Rob Laughlin is living the dream. If your dream is to be a licensed superhero, that is. High school student by day, criminal stopper by night. Back in the days of Failstate, that was a stressful and risky combination, but by his third full-length adventure (and two ebook only shorts), Rob’s got this superhero thing down to a science. He’s a got a hot girlfriend in Charlene; he’s made peace with his brother and fellow superhero, Gauntlet; and he has the support and mentorship of a number of other superheroes.
But there’d be no reason to write a book unless there was a problem. Rob’s family—and the memory of his father—falls apart when he discovers that, far from dying from a car crash, Rob’s father was actually a criminal who crossed the wrong people and was killed for it. But before he can process that information, he happens upon a more immediate threat: Abaddon is coming. And it’s Lux—the same Lux that died in Rob’s arms a year earlier—that’s delivering the message.
Who was Rob’s father? How is Lux alive? Is this even Lux? Who is Abaddon?—All those questions and mysteries seem insignificant when Abaddon shows, leaving death and carnage and destruction in his wake. Right now, the only question that matters is: How do we stop Abaddon? As the story rages on, the questions get deeper and the plot more complex. Otte skillfully dances from one scene to the next, carefully building each mystery until the great, grand point of reveal.
Man, I really just can’t say enough good things about this book. Comic book novels and the superhero genre can often be tropish…everything’s been done a dozen times at this point. And it’s true that back-from-the-dead, father-isn’t-who-you-thought, anti-superhero-girlfriend, and SPOILER-SPOILER-SPOILER aren’t exactly new and novel inventions. But Otte owns it, crafting the tropes in a way that brings out the archetypes—the thematic power that underlies why these are popular plot points.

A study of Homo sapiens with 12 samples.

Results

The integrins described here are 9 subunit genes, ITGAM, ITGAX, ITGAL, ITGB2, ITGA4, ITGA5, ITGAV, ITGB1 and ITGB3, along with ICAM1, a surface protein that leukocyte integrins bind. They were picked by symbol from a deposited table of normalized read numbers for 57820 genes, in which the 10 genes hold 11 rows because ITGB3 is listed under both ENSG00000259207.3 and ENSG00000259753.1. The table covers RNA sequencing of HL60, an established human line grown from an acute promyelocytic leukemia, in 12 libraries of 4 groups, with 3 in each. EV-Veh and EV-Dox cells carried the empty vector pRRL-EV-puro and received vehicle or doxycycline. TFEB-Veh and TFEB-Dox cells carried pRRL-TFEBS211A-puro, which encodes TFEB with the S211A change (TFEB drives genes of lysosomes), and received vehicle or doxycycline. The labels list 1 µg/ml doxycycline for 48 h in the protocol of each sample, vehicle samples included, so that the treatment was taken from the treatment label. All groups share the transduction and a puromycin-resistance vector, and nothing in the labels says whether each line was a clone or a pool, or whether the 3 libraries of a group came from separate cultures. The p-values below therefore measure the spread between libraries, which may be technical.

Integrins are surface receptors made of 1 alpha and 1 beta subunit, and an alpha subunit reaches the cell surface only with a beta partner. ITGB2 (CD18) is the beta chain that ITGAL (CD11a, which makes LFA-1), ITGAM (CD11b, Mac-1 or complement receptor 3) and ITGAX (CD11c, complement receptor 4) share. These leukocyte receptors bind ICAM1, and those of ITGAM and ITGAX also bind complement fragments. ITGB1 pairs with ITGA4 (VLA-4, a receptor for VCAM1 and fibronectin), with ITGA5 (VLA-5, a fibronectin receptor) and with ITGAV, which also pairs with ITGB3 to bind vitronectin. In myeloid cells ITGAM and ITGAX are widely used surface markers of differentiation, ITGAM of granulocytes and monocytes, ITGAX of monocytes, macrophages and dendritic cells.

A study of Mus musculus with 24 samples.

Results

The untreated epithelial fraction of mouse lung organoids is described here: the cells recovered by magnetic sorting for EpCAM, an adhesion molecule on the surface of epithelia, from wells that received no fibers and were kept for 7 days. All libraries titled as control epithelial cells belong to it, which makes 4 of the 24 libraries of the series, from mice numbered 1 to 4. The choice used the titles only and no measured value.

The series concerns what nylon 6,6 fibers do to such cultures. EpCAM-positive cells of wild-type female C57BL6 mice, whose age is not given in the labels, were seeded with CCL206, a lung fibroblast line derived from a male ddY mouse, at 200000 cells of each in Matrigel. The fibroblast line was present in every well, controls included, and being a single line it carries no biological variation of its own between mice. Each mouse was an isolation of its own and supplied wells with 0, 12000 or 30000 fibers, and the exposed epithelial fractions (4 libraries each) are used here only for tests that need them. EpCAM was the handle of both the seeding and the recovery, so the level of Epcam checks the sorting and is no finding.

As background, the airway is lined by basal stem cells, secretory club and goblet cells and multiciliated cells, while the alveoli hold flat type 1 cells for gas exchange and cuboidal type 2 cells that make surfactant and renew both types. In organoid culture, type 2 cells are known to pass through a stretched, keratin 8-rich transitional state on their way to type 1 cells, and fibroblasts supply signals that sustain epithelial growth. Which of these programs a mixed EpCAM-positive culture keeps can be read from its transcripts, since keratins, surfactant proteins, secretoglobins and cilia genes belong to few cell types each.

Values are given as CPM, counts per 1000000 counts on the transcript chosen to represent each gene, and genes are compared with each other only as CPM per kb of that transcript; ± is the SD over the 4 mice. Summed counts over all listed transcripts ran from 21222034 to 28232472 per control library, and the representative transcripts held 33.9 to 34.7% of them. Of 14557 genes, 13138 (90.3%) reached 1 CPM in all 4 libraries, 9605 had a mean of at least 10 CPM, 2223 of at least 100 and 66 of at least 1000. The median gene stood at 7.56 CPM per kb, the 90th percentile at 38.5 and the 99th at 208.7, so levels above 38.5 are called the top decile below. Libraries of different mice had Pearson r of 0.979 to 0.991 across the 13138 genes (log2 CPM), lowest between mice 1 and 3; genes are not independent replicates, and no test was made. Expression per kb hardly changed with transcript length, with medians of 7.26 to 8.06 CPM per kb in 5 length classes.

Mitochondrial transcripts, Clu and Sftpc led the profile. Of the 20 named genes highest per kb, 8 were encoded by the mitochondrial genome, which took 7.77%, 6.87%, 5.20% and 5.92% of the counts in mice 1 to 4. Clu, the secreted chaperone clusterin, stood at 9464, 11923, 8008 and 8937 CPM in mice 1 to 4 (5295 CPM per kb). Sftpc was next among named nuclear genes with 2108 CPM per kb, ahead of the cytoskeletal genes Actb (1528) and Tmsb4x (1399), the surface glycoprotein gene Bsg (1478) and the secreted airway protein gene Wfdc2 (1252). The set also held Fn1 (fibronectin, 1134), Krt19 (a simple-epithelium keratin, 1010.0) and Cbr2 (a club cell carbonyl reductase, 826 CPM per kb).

You really feel for Rob and get that he’s in this awkward place of being New Chayton’s (and the world’s) savior and yet still being a high school kid. In the middle of all the trauma surrounding Abaddon, Otte weaves in a plotline where Rob’s girlfriend gets accepted to an out of state college and wants Rob to follow. That’s a real enough and hard enough problem without the added responsibility of being a city’s superhero.
The novel’s real strength lies in what I can’t talk about. I thought about doing it, but I won’t. Let’s just say the way in which the story comes together really brings about a deep thematic point that makes the book a thought-provoking read rather than just a fun and fast throwaway novel. I’ve been on the Failstate train since the very beginning and it’s been a fun ride the whole way, watching as Failstate grew as a superhero and Otte evolved as a writer. Failstate’s journey might be over (although, I’m not ready to call a definite on that yet…I’m certainly up for more Failstate stories), but I’m excited to see that Otte’s has only begun.